Here in the Application Team at Coventor, we are always working to improve our solutions to real-world MEMS design problems. We have a continuing interest in packaging that encapsulates MEMS transducers. Generally, the purpose of these packages is to mechanically support the transducer and allow it to access the signals of interest. At the same, the packages provide protection against the environment and can mitigate unwanted effects such as excessive temperatures or mechanical loads .
In MEMS, inertial sensors are generally packaged by encapsulating the sensing element in a cavity formed during fabrication. The cavity forms a hermetically sealed chamber. The gas and pressure in the chamber are normally controlled, as both strongly influence the performance of the sensor. Open loop accelerometers, for example, are generally encapsulated at higher pressures to carefully control the sensor bandwidth . Gyroscopes, on the other hand, normally operate over a lower range of cavity pressures, typically less than a few mBar of pressure down to a high vacuum .
At this year’s MEMS IEEE Inertial conference in Avignon, France we displayed a poster that described how temperature variations can change the Q-factor of a 3-axis gyroscope. In our example, the gyroscope was encapsulated in a sealed cavity filled with an inert gas. According to the combined gas law, a change in ambient temperature will change the pressure in the cavity, which will also change the Gyroscope Q-factor.
Modeling this effect is not trivial since the Q-factor is itself dependent on the geometry of the cavity that surrounds the gyroscope, as well as the pressure and type of gas in the cavity. This effect can be seen in the simulated squeeze-film damping pressure contours of an example gyroscope model built in CoventorMP®, see Figure 1. As might be expected, the pressure on the large flat plates that form the moving sense mass is high. However, the pressure contour also bleeds over the plates edges where the cavity gas is forced into the channels between the sides of the sensing mass and the cavity.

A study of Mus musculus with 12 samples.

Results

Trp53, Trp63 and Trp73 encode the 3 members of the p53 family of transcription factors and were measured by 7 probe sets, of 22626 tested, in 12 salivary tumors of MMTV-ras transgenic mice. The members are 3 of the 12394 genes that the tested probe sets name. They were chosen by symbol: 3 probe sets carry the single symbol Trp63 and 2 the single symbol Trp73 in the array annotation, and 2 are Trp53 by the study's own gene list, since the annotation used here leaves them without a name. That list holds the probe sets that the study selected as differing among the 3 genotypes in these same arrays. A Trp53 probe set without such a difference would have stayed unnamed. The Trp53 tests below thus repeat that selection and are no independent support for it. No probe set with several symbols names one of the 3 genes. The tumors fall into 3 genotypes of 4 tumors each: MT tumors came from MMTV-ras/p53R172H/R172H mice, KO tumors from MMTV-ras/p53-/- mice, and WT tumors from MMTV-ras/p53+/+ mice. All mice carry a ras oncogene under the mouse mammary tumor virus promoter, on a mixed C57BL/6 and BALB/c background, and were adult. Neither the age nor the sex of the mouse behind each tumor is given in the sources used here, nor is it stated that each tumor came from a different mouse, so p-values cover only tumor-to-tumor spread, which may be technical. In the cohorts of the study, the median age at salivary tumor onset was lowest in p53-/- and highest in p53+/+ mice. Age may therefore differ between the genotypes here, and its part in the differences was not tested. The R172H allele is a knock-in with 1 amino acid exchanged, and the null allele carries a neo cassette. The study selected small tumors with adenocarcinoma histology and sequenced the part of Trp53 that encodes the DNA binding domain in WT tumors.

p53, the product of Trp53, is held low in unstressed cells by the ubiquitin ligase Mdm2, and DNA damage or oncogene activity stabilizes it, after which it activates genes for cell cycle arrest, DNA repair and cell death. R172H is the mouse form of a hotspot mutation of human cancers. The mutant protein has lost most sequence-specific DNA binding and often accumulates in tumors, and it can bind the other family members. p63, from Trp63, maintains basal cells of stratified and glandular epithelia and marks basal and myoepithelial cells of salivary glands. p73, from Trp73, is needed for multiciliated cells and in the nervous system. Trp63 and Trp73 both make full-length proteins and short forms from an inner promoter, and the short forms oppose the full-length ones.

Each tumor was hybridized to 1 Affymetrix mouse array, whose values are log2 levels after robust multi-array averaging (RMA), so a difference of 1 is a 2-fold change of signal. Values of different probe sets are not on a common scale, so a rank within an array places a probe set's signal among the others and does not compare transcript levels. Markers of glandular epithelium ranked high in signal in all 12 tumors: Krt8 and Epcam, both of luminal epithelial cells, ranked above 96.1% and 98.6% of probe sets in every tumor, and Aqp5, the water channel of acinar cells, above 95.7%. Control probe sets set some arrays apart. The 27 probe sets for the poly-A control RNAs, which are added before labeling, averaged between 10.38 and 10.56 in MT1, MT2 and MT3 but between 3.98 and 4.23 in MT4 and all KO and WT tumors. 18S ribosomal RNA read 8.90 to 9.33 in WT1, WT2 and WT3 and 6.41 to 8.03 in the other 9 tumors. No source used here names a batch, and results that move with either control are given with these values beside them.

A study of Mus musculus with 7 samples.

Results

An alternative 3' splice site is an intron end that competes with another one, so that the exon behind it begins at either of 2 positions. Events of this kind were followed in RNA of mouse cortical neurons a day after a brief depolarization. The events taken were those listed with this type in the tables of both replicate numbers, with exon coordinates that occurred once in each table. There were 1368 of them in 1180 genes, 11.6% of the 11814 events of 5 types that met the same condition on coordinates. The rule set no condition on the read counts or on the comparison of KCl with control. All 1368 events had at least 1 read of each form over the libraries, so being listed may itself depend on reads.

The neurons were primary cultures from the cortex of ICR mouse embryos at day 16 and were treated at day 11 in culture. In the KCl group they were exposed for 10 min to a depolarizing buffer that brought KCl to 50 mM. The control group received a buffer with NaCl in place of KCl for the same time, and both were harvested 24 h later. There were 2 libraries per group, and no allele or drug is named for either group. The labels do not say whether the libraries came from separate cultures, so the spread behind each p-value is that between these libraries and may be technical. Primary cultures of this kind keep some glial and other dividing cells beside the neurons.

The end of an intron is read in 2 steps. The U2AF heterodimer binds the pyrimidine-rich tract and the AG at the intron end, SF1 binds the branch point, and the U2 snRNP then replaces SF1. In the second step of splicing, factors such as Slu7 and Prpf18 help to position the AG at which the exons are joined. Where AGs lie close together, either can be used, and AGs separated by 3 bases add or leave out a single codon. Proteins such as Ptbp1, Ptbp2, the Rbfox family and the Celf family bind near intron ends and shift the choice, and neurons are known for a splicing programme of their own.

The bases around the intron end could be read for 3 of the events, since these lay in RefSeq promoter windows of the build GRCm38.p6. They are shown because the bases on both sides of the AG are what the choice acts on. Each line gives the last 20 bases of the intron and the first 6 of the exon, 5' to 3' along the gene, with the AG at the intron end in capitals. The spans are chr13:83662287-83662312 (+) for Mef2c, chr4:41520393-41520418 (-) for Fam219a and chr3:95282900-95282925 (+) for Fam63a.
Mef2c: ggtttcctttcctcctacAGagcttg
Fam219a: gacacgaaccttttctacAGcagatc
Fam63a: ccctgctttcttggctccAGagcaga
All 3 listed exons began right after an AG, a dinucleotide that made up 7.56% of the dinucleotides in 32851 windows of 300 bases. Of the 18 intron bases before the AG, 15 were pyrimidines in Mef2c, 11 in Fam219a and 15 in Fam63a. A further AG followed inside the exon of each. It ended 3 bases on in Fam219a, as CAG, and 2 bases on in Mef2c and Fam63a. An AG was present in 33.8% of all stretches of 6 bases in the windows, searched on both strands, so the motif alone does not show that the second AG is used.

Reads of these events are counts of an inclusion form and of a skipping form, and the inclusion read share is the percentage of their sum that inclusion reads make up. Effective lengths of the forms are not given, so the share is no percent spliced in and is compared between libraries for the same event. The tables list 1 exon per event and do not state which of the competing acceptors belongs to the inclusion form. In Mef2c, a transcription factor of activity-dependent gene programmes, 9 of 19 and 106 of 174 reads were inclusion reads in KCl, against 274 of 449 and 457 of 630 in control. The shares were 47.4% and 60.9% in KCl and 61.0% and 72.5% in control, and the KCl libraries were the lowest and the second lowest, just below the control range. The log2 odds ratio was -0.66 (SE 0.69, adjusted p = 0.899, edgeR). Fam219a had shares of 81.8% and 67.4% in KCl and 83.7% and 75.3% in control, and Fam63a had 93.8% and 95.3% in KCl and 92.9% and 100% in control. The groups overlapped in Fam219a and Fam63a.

Incidentally, the Q-factor of this gyro is dominated by the inert gas in the cavity. If there is no gas and the device operates in a high vacuum, the Q-factor is determined by thermo-elastic-damping and anchor damping – which can also be simulated in CoventorMP.
As the graph in Figure 1 shows, our simulation results in CoventorMP provide a good match to the measured data. When our measured data match the simulation results, this is a good indication that the models are working correctly. It is very important to model combined package-device interactions when designing MEMS devices, since performance issues caused by ambient temperature changes or mechanical package loads can degrade the actual performance of the MEMS device. As seen in our example, CoventorMP can be used to accurately model MEMS device-package interactions to ensure that packaged device performance meets the targeted design specifications.